Run a speed test and compare it to Zoom's bandwidth requirements. Your upload bandwidth should be at least 1.8mbps for 1080p video and screen sharing. You may need to upgrade your service with your Internet Service Provider.
Minimize other uses of bandwidth in your household by limiting nonessential internet use while you are using Zoom, such as gaming, music and video streaming.
Are you wired or wireless?
Wired connections tend to be better than wireless connections.
Try connecting your computer directly to your router via a wired Ethernet cable instead of relying on the WiFi in your home (newer laptops may need an adapter).
WiFi connections tend to be better than cellular (3G/4G/LTE) connections.
If you are connected wirelessly, try moving your laptop closer to your wireless access point or router. The fewer walls between you and your router, the better your signal will be.
Make sure your WiFi network is password protected, to prevent unwanted usage.
If your home WiFi offers a choice of connecting at 5GHz or 2.4 GHz, connect to the 5GHz band.
Computer Hardware/Operating System
Does your machine meet Zoom's system requirements?
If you're using the Zoom web client, is your browser up to date? (Check something like WhatIsMyBrowser.com to check if your browser is up to date and get instructions to upgrade, if needed.)
Mute yourself when you're not speaking.
When your microphone is on, Zoom will devote part of your Internet connection to an audio stream for you, even if you are not speaking. Mute your microphone when you do not need it, and you will allow Zoom to use your Internet connection more effectively.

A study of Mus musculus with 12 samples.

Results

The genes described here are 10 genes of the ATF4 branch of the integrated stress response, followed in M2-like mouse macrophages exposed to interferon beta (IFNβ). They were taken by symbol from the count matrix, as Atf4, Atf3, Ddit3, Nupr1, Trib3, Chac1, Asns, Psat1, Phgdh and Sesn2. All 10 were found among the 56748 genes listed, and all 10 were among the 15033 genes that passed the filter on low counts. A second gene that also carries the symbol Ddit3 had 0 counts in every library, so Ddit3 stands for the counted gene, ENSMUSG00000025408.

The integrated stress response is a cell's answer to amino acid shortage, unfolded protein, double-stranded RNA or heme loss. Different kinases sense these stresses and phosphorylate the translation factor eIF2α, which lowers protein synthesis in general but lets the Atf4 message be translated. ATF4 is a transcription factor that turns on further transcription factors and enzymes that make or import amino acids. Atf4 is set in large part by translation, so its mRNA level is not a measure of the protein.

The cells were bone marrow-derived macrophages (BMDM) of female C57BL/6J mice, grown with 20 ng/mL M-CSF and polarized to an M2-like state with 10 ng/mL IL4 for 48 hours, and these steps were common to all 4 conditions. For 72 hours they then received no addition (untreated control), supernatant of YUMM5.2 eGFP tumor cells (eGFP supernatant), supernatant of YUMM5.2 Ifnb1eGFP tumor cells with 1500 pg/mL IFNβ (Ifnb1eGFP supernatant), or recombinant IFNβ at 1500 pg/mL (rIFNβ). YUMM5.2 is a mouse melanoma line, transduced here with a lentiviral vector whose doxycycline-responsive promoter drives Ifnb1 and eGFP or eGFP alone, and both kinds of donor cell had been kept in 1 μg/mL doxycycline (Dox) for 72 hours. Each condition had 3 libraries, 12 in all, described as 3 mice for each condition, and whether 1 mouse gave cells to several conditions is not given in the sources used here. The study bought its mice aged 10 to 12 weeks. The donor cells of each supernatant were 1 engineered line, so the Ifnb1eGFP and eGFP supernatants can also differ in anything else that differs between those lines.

Uncheck "Enable HD" - Sending high definition (HD) webcam video requires more bandwidth than sending non-HD. Disabling HD video will free up more of your Internet connection for other parts of your Zoom meeting.
Turn off your virtual background.
When not presenting, mute your video feed to conserve upload bandwidth.
Are you running anything else on your computer (or any other computers and devices that share your Internet connection) that's using lots of bandwidth? Such as:
Large downloads or large uploads
Streaming video (e.g. Netflix, Hulu, YouTube, etc.)
Cloud backups or cloud file synchronizations (e.g. OneDrive, Dropbox)
Zoom meetings can demand significant memory and processing power from your computer. Closing other applications, ones you do not need during the session, will help Zoom run better.
If you are going to share your screen, and you encounter performance issues during screen sharing, here are some things to help:
Share a non-maximized application rather than your whole screen. Sharing a smaller portion of your screen in this way will reduce upload bandwidth requirements.
Where is the file that you're sharing? If the file is stored online, on the T drive, or in a Cloud-based service like OneDrive, you might have a slower/less quality experience than if the file is located on your local machine. You may need to move the files you will use to your local machine.